Why Ant-Man Was In The Rogers Musical of Hawkeye?

Hawkeye deals with a lot of things in the first two episodes and fans have to catch up to the narrative before it moves on with the story. We are introduced to the character of Hailee Steinfeld’s Kate Bishop with a little bit of backstory towards her fascination with Hawkeye. The first episode has a lot of reference to the events of 2012’s The Avengers and this is indicated even in the Rogers: The Musical. While we get to witness a bit of the musical, there are certain things that take place in this musical that seem to be off. In Hawkeye, we saw that Rogers: The Musical had Ant-Man. So, why Ant-Man was in the Rogers Musical when it is supposed to depict the events of 2012’s New York battle? 

Hawkeye Episode 1

Fans were excited to see what the Rogers: The Musical was going to be like and it seems we got a hint on it with the very first episode itself. The episode is heavily influenced by references to the events of the past events of the Marvel Cinematic Universe as both the characters have been majorly influenced by those events. Kate Bishop’s life was saved by Hawkeye himself back during the events of the 2012 New York battle as he was able to prevent a Chitauri soldier from attacking her.


This clearly had a massive impact on her and drove her to become like her favorite Avenger due to which she took up archery amongst other Martial arts. Meanwhile, as the world celebrates its heroes, Clint Barton is forced to go through all the trauma once again. This was more apparent when he was watching Rogers: The Musical with his kids and he puts off his hearing aid so that he doesn’t have to listen to it. Barton is reminded of his friend and colleague Natasha Romanoff when the actress playing her appears on stage. But adding insult to the injury is the presence of Ant-Man in the musical.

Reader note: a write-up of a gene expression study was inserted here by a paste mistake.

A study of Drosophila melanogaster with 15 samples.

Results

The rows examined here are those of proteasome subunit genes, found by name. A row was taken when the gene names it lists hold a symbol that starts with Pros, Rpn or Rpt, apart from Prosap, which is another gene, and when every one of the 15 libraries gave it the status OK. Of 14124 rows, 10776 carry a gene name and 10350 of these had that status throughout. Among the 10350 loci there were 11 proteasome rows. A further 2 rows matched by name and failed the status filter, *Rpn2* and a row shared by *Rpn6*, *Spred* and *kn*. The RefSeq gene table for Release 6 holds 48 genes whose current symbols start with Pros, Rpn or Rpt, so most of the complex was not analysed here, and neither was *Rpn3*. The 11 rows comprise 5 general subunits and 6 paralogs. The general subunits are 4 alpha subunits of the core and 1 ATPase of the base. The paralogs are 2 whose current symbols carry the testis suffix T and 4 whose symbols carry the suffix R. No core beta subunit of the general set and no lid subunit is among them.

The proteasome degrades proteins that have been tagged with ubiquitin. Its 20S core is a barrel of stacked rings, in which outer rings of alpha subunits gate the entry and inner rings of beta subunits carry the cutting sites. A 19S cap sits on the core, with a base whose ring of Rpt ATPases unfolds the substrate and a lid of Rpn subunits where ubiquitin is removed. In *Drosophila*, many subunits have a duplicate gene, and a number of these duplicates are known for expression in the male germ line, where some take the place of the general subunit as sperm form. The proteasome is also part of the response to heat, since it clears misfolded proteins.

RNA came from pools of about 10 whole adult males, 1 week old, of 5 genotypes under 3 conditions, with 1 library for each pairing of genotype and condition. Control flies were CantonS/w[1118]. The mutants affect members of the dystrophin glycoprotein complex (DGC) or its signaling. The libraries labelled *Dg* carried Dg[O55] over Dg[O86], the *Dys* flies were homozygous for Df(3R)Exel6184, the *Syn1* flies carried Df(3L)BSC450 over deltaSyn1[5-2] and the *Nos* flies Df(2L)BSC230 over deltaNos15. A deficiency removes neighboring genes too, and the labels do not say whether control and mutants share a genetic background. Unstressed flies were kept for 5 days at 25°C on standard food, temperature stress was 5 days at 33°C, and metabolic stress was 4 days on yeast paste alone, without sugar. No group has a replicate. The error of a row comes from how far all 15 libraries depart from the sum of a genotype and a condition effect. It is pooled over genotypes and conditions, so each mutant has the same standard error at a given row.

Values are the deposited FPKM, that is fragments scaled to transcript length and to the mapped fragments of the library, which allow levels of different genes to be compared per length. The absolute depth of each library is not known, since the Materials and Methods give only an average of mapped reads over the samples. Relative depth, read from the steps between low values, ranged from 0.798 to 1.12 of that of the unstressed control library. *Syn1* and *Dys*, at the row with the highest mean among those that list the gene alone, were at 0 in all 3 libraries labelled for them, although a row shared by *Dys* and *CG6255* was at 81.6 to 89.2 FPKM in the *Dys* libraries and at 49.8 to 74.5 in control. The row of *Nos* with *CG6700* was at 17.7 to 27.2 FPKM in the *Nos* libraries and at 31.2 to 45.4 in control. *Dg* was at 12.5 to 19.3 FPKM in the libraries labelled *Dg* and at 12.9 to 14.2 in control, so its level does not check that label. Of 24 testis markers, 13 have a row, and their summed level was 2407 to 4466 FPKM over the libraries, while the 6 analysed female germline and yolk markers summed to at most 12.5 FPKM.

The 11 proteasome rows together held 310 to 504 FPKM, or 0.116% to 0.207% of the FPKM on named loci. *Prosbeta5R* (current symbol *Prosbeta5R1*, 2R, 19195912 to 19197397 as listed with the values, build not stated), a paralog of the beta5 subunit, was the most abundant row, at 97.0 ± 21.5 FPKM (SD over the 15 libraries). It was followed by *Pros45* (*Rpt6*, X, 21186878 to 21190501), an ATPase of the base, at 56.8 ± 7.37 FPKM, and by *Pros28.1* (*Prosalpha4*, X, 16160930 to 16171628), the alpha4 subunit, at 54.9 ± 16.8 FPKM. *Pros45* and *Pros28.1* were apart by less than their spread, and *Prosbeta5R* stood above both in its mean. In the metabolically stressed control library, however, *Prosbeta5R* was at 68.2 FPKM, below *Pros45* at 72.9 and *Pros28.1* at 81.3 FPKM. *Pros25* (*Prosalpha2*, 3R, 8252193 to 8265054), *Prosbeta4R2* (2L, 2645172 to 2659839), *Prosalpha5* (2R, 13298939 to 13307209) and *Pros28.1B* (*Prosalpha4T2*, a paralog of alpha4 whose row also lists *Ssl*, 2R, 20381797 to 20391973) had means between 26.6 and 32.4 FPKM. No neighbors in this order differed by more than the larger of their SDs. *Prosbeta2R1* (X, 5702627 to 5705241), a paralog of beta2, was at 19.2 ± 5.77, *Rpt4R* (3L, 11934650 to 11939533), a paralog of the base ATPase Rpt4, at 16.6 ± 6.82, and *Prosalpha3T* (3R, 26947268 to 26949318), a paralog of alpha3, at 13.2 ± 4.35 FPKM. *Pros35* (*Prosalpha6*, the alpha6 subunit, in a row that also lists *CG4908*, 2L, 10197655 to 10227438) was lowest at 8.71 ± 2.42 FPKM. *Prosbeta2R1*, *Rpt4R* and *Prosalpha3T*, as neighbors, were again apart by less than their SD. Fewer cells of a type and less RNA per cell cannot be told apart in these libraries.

Ant-Man in Rogers: The Musical

As the musical takes place we see Clint lost in thoughts when his daughter Lila Burton, played by Ava Russo tries to gather his attention. She asks if he is watching it or not and he replies by saying that he was there and he is quick to point out who wasn’t there. He points at one of the actors who was wearing a t-shirt with the Pym particles designed on it. This clearly indicates that the general public thinks how Ant-Man was present during the 2012 New York battle.


Even the lyrics for the character go as follows:

And when Ant-Man flies

You won’t hear a sound 

The battle’s just begun….

Maybe it’s just a mistake since, or perhaps a joke since no one would really know even if Hank Pym suited up as Ant-Man and fought in the battle.


While fans might be wondering the reason behind this addition, the creators behind the series have talked about this and clarified that this was not something rather serious. The director of the series, Rhys Thomas mentioned that the entire idea of the broadway show was meant to be a funny thing in itself. He mentioned:

Once your brain starts running to, ‘OK, we’re going to make this musical. How good is this musical?’ Ultimately, again, the original conception of this, for me, was I sort of just had this image of Jeremy’s world-weary face sitting in a Broadway theater watching it. That was ultimately it. So then it just became about building off that. Who would he NOT want to see playing him? What character would… you know, putting Ant-Man in there. That feels funny. It was just all about, again, anything that annoys Clint, that felt right.


Also did you realize that the stage actor playing Ant-Man is Asian? Now, this might be nothing, but what if it is a nod to Zack Snyder’s Justice League? In recent times, a lot of MCU projects have been referencing Zack Snyder’s work. We all know that Zheng Kai played Ryan Choi in ZSJL, and Snyder even wanted him to lead his own movie as The Atom (DC counterpart of Ant-Man). So I’d say that this musical could be a nice little nod to The Atom, along with Ant-Man.


While the writers might have introduced this entire narrative to annoy Clint Barton we can see this working as a heroic moment for Ant-Man too as Paul Rudd’s Scott Lang wasn’t really popular. This was apparent from the scene in the series where we saw the character not being identified by a couple of kids when they were taking a selfie with the Smart Hulk. In a larger narrative, this could mean that someone might have seen his presence during the 2012 events when the character travels back in time to the 2012 event in Avengers: Endgame.